Cross-party Brexit talks resume today… again. More than five weeks after the negotiations first began, you might have assumed they would only be ongoing because at least one participant thought progress was being made. But that’s not the case. I believe there has been a genuine desire on both sides to come to an agreement, yet – as I’ve said before in this email – both leaders have been constrained by their parties.
While Brexiteers were naturally always opposed to the idea of softening of Brexit to win Labour votes, Theresa May has now also been advised by more Remain-y cabinet ministers previously supportive of the talks to pull the plug according to The Times. Philip Hammond, Amber Rudd, et al. reckon it is now time for government-sponsored indicative votes. (Whether the Prime Minister goes down that route or launches directly into the riskier withdrawal agreement bill process remains to be seen.)
On the Labour side, Keir Starmer has gone public with his view that no Brexit deal can get through the Commons without a referendum attached, as this is a red line for so many Labour MPs. And describing Labour as the “remain and reform party” (a characterisation not recognised by multiple frontbenchers, nor the leader), Tom Watson repeated the Shadow Brexit Secretary’s estimated parliamentary arithmetic this morning. The government was never going to grant the wish of a public vote, so the notion of a Labour-Tory deal has been successfully quashed by PVers.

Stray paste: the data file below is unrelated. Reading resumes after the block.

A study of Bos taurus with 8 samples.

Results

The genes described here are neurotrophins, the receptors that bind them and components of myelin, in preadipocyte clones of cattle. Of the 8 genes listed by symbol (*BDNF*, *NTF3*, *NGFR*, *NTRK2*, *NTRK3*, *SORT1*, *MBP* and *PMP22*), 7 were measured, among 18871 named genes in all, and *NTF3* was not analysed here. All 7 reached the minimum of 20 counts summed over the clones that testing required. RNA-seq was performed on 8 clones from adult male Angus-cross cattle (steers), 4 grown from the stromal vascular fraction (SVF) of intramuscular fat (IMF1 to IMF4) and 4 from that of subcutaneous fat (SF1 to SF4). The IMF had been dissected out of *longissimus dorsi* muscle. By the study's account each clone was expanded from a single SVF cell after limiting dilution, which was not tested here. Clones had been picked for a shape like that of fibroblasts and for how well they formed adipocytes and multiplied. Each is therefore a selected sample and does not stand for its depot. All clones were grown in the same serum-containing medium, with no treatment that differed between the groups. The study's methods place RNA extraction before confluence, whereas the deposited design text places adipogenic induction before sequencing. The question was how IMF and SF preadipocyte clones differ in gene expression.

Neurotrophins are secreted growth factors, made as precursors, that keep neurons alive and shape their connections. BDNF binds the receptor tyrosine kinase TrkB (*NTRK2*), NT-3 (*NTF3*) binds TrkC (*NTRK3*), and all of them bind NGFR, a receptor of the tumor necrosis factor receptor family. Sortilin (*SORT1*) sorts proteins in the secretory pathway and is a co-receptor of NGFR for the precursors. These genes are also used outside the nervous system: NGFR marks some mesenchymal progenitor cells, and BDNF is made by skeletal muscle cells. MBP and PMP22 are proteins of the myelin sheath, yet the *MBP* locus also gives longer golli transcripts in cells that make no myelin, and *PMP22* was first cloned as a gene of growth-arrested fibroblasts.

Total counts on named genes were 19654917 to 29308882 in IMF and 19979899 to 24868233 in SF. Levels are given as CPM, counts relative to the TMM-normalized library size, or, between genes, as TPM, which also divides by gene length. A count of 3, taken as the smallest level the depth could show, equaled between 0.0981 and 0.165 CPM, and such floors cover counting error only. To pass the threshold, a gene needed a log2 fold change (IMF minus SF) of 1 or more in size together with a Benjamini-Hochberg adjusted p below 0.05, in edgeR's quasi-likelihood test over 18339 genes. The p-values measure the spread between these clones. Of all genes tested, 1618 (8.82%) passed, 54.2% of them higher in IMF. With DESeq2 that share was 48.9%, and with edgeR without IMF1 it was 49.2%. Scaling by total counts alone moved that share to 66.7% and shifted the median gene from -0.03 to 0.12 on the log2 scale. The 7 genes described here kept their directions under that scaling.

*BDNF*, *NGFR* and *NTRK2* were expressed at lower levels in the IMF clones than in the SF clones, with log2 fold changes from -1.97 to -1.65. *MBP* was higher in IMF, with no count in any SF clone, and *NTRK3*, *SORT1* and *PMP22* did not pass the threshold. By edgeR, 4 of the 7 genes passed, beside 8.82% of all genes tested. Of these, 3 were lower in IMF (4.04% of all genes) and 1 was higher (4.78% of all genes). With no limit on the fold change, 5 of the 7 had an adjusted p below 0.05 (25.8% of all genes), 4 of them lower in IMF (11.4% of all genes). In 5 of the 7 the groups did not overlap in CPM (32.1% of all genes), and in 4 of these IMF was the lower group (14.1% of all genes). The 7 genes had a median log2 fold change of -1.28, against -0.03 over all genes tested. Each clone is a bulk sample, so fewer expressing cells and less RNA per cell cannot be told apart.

Labour’s deputy leader has been stepping up his calls for the party to shift on Brexit in the run-up to the European elections taking place in just 10 days. Last week, we reported on the second Future Britain Group meeting, which saw Watson set out a campaign strategy and express concerns about the possibility that Remain-supporting Labour voters will abstain on May 23rd. Today, he will deliver much the same message at a memorial lecture for the late former leader John Smith.
“If John was alive today… I have no doubt that he would have taken a stand very similar to that of his deputy, Margaret Beckett, and backed a People’s Vote as a way out of this destructive mess,” Watson will say at the Fabian event.
He believes the key to Labour’s vote holding up on May 23rd is portraying the election as a choice between the “nasty nationalism of the Farage Brexit Party” and “the tolerant, compassionate outward-looking patriotism of the Labour Party”. The hope is that this approach also plays into the ‘Farage paradox‘. The latest poll shows the Brexit Party getting more votes than Labour and the Tories combined, however.